How To Breed Cats

Cat breeding is not that easy. There are several processes involved and some can be costly. There are many things to be considered before you embark on breeding cats. You need to determine what breed you want to propagate, its pedigree, get to know all the characteristics about the breed as well as the standards for the propagation of a particular breed. You need to get the female or the male a thorough check-up, vaccinated and all other tests and examinations just like a human having a pre-natal examination. You should also have a plan on what to do with the kittens once they are born. Are you breeding for profit, or just interested in propagating a breed that you took a fancy to? You have to identify the homes that will take in the kittens.

Here are the steps in a cat’s breeding cycle. A cat goes through three stages in a breeding cycle – heat cycle, gestation and delivery.

1.    Stage 1 – Heat Cycle and Mating

  • A female cat or queen usually gets ready to breed at the age of 6 months. Unless a mating happens at once, this will be repeated every two weeks. There are visible signs that indicate if the queen is ready to mate. She will suddenly display more affection towards you, scream and shriek which is an equivalent of a mating call. She will also raise her rump when you stroke her back or when patted. With her rump raised, she may also twitch her tail so be sure to read and interpret this visual signs.
  • Take her to the vet to get her physical check up. She should be a full adult before she will be allowed to mate. A female cat should be at least 18 to 24 months old while a male should be at least 18 months old.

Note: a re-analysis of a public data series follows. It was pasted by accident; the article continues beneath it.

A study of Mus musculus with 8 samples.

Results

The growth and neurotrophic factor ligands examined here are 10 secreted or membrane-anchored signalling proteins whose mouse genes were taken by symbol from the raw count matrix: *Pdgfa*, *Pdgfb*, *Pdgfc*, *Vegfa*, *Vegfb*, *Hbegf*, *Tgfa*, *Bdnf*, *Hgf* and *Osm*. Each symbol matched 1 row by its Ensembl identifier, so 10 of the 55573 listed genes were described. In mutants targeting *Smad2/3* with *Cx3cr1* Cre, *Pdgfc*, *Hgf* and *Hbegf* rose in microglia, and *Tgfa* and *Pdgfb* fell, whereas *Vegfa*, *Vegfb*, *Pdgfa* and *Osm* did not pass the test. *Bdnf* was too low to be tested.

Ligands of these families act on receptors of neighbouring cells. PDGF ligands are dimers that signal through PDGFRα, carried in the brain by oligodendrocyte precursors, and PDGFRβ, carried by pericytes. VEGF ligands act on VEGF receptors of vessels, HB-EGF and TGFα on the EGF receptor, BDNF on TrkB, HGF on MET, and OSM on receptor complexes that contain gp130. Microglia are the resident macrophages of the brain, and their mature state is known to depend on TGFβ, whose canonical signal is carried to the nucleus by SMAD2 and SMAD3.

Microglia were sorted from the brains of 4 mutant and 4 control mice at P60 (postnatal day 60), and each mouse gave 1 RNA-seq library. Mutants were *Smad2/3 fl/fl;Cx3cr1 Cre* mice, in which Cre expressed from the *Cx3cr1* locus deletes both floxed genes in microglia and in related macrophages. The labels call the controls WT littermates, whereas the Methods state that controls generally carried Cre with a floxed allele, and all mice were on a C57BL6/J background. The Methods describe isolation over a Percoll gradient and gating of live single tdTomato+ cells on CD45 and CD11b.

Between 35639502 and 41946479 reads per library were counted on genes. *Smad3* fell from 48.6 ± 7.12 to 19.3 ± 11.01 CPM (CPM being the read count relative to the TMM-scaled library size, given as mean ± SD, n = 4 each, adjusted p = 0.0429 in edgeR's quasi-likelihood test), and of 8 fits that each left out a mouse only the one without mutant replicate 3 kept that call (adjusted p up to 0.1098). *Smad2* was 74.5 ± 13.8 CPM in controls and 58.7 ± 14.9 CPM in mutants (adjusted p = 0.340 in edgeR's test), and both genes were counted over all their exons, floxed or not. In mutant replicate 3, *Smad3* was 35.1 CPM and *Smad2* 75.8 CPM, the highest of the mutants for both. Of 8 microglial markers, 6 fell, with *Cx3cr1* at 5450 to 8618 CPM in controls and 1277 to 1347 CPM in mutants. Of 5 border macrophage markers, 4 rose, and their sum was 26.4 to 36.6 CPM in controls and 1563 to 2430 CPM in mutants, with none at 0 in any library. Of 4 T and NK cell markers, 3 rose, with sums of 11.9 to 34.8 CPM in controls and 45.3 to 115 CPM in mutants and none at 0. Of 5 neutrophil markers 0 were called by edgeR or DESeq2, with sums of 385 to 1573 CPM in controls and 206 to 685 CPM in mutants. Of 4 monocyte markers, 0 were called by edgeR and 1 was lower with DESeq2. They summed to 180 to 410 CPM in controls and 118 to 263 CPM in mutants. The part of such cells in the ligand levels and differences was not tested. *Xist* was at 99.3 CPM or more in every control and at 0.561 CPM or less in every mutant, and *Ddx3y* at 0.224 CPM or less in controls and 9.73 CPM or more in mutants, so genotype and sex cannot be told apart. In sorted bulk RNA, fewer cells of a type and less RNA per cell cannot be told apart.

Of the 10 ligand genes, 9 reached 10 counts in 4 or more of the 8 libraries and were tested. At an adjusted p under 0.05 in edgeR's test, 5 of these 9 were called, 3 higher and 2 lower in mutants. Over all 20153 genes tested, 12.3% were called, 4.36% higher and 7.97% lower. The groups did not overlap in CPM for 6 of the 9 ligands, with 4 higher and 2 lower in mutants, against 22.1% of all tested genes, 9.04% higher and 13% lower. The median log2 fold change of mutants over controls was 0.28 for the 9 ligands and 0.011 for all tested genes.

• Find the right mate for your queen. Once you find the right stud leave them alone to take care of the mating process. If you do not own the male, make arrangements with the stud’s owner and bring the female over. You will have better chances of a mating happening if you allow the male to breed in his own surroundings. Arrange for them to be together for a minimum of two weeks. There should also be a contract between you and the stud owner, especially if the cat has a pedigree. There are standard conditions to be followed in these contracts.

2.    Stage 2 – Gestation Cycle
You will know if your cat has conceived after 3 to 4 weeks. The gestation period will last for about 65 days. During this period your cat will be more aloof.  Provide her with a warm, dark and cozy corner where she can take plenty of rest. Ensure that she gets plenty of water and food.

3.    Stage 3 – Delivery

  • On the 60th day, you should start preparing for the eminent delivery. It can be as early as 5 days before the end of her gestation period or 10 days after the end of the gestation period. Provide her with a delivery corner away from intrusion.
  • The queen’s labor may last for as short as 20 minutes and at times can last for several hours. She may deliver one or two right away, go about her usual business and suddenly pop out one or two more kittens after several hours. If she shows any sign of distress, then bring her to the vet, otherwise leave her alone. Keep a notebook handy. As the kittens pop out, you can start recording the basic statistics of the kittens, but only if your cat will allow you to handle the kittens at this early stage. You can mark your kittens with nail polish.
  • Your cat will lick her kittens clean. Or you may to do this yourself. Clean the place thoroughly to avoid infections that may occur later. Count the placentas to ensure that they are equivalent to the number of kittens. The new mother will eat the placentas because these will provide her with plenty of nutrition.

After several days you will suddenly see them coming out, playing and bumping into things and making cute little meows. Now is the time for you to go about your plan on how to find them a new home.